Airline passengers might be expected to feel queasy if the pilot abandons his post, but that is the position in which shareholders in Royal Jordanian Airlines find themselves.
Hussein Dabbas, the airline's chief executive, resigned yesterday to pursue other opportunities, a spokesman for the airline said.
The surprise departure comes three years after Mr Dabbas replaced Samer Majali, now the chief executive of Bahrain's Gulf Air.
A member of the British Airways-led oneworld alliance, Royal Jordanian has reported losses for six of the past eight quarters. Its most recent loss was 15.55 million dinars for the fourth quarter, even though sales have grown steadily.
The airline's Amman-listed share price has fallen 9 per cent this year to 0.6 Jordanian dinars. The shares were unchanged yesterday.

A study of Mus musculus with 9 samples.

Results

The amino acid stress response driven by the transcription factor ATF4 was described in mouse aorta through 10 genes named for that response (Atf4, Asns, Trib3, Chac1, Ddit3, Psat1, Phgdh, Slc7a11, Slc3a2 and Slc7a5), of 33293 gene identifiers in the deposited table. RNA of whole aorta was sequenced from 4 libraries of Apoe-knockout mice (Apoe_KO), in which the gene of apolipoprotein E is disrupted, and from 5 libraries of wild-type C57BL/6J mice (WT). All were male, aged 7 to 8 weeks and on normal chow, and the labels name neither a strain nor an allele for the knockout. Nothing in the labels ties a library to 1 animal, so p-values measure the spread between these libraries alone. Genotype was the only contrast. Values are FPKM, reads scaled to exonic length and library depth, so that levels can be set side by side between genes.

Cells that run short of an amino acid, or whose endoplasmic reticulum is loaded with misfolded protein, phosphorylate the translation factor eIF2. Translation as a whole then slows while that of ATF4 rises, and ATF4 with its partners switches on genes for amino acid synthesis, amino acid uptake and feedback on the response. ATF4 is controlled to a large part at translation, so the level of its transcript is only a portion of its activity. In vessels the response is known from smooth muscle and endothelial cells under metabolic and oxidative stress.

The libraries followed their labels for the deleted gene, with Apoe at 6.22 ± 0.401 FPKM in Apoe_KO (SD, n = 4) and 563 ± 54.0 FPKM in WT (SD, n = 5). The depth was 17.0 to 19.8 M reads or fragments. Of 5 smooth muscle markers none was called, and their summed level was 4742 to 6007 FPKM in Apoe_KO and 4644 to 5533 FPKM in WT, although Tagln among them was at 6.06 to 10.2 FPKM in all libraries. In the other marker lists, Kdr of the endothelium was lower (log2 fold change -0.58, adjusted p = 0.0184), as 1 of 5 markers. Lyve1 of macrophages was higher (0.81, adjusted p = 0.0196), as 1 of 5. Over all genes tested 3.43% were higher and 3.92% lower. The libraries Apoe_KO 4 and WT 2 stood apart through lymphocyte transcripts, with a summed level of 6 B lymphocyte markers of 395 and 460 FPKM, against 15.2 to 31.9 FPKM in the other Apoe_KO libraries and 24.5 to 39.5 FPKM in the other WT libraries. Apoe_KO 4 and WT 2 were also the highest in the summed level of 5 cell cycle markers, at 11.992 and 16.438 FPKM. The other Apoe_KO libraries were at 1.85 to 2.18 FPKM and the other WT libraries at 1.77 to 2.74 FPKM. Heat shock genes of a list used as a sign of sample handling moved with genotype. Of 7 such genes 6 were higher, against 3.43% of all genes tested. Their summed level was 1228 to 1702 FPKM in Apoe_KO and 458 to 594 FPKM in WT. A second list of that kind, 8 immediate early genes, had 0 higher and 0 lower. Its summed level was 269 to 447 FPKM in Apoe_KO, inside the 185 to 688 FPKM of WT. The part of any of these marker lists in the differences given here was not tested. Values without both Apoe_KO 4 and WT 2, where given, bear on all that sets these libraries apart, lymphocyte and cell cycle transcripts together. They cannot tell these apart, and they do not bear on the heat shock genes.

It has been a bruising decade for airlines, with the high price of crude oil eating into profit margins.
Oil prices remain high, with Brent futures averaging US$118.94 per barrel so far this year.
But Royal Jordanian has not been able to increase its fares in response to higher fuel prices because it is being undercut on ticket prices by new entrants to Jordan's market, said Abid Riaz, an aviation analyst at EFG-Hermes, which rates the stock a "sell".
"The reason for our sell recommendation is that we continue to believe it will be tough for them - they were impacted by what was going on in the region and Jordan's proximity to the unrest in Syria," he said.
But the Jordanian government's move to liberalise the kingdom's aviation market was also proving difficult for the carrier, leaving it unable to pass fuel surcharges on to its customers for fear of sending them to rival airlines.
Air Arabia has signed an agreement to establish a hub in Amman. This move is expected to increase the pressure on Royal Jordanian, while big Gulf carriers such as Qatar Airways, Etihad Airways and Emirates Airline are also gaining market share.